Perseverance-Step by Step

math practices parenting for success Sep 05, 2023

When my daughter was 8 years old. We hiked 23 miles in one day.  Two years later we did it again.

 One of her teachers had created this hike as a fundraiser.  Each year she invited her whole class of first and second graders to join the hike with their families.  “Great idea!” said my husband.  “23 miles?!!” I replied.  We are not one of those families you hear about in the news who run marathons in our free time or swim to Alcatraz just for fun.  We are just a regular family who enjoys the outdoors.  Our daughter and son both liked to swim and play soccer, so they were active but hiking 23 miles in a day seemed like a lot.

 After spending the night in Curry Village in Yosemite Valley, we got up in the dark on the appointed morning, gathered our flashlights and our lunches and made our way to the bus which would take us to the start of the trail to the top of El Capitan. Many others gathered with us.  Some were going to attempt the whole trail.  Some were leaving later and doing a shorter trail.  Our kids agreed we would try for the whole trail, if we couldn’t do it, we would turn around and make our way back down.

 After many hours of hiking my husband and my son were well ahead of my daughter and myself.  They kept texting us directions – “Stay to the right at the big rock.”  “Lots of switchbacks ahead.”  My daughter grew bored of the monotony of hiking, so we sang songs.  We sang every camp song I could think of.  Then we played “I Spy” for a while.  Then we played the game where you name fruits or cities or whatever that begin with each letter of the alphabet.  We made up stories.  I kept reminding her of the story of the tortoise and the hare, “slow and steady wins the race.”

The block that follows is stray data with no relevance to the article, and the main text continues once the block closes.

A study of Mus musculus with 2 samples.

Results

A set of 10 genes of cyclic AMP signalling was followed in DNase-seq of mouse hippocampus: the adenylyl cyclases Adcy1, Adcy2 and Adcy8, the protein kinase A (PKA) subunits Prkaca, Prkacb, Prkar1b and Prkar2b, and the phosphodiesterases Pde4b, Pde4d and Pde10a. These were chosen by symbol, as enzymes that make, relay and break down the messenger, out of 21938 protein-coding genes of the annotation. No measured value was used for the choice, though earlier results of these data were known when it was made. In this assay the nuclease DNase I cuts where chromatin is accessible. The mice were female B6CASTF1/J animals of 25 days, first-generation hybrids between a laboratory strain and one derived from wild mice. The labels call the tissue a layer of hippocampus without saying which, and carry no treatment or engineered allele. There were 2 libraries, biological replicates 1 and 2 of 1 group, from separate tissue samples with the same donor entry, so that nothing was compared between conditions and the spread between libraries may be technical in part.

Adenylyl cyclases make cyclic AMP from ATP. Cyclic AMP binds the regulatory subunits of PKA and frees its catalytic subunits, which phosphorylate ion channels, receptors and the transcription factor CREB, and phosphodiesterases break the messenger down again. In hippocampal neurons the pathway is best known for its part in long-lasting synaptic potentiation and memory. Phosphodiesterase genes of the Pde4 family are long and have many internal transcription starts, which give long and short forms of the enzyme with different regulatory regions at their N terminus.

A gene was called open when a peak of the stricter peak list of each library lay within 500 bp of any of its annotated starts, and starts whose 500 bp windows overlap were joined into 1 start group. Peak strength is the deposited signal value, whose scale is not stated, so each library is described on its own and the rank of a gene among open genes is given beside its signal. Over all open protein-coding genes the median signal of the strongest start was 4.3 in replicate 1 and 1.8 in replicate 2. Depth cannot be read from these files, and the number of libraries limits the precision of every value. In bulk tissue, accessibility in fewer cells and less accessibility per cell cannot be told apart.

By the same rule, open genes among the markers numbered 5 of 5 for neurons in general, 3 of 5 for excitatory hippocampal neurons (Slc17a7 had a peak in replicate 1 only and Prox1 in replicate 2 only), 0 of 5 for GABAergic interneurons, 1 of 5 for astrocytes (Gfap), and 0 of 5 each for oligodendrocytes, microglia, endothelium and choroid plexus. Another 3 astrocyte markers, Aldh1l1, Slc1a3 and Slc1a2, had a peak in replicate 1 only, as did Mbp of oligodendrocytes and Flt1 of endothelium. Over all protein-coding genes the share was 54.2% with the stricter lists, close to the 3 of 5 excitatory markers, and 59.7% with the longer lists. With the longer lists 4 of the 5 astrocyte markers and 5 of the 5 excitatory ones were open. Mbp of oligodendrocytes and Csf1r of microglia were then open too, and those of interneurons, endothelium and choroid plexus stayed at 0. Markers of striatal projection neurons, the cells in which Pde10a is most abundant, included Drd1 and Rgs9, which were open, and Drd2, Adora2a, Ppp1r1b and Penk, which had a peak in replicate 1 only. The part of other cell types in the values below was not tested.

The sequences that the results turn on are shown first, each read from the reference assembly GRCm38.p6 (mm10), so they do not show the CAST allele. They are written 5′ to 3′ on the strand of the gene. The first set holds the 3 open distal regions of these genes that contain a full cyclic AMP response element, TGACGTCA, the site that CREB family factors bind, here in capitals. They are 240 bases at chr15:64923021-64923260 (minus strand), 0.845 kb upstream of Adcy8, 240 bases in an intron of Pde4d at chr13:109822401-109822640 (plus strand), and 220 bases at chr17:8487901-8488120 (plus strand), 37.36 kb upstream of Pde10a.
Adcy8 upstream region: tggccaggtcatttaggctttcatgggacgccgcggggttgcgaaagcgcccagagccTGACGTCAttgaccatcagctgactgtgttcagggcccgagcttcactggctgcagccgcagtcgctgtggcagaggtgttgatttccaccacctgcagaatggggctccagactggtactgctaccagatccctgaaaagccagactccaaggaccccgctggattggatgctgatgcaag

All the while we made progress.  Our legs hurt and we had to take many snack breaks, but we kept on going and eventually we made it to the top where my husband and my son were waiting for us. 

 We celebrated for a little bit and sat and took our boots and socks off.  Before too long though, it was time to head back down so we would make it down before dark.  After hiking 22.5 miles we made it back down.  There was a bus stop at the end of the trail, and we planned to get on the bus and take it back to the village where dinner would be waiting. Unfortunately, we missed the last bus of the evening by a few minutes.  We would have to walk.  Another half mile after a whole day of hiking.  My daughter’s eyes filled with tears.  She had absolutely nothing left to give and looked at me in despair, but she had no choice.  She was too big for me to carry.  There was no vehicle to pick us up.  Unless she wanted to spend the night right there, we had to walk a little bit more.  Finally, we made it to dinner and then eagerly climbed into our beds. 

 So, what does this have to do with math you ask?  Through this adventure our children learned that they could do hard things.  Step by step.  Little by little, we accomplished this huge task.  Our children learned how to persevere, a super valuable life skill.  In fact, it is Math Practice #1.

 Time and again we have returned to this story as my children have encountered other challenges.  “Slow and steady wins the race,” I remind them.  “Take it a little bit at a time.”  “Let’s figure out just one piece of this now.”  The skill of being able to break things down into small, manageable chunks is a piece of strong executive functioning.  It is needed with math puzzles, research projects, and science experiments.  In Atomic Habits, James Clear suggests that we should focus on getting 1% better each day.  These small little changes will add up over time to larger changes.  1%, it seems like such a small manageable amount.  Teaching our children how to break things down is a life skill that will serve them well beyond their school years.

 We did the hike again two years later.  When asked the next year if they wanted to do the hike a third time, both kids loudly sang out, “NO WAY!” but nothing could take away from the fact that they had done it.  Twice.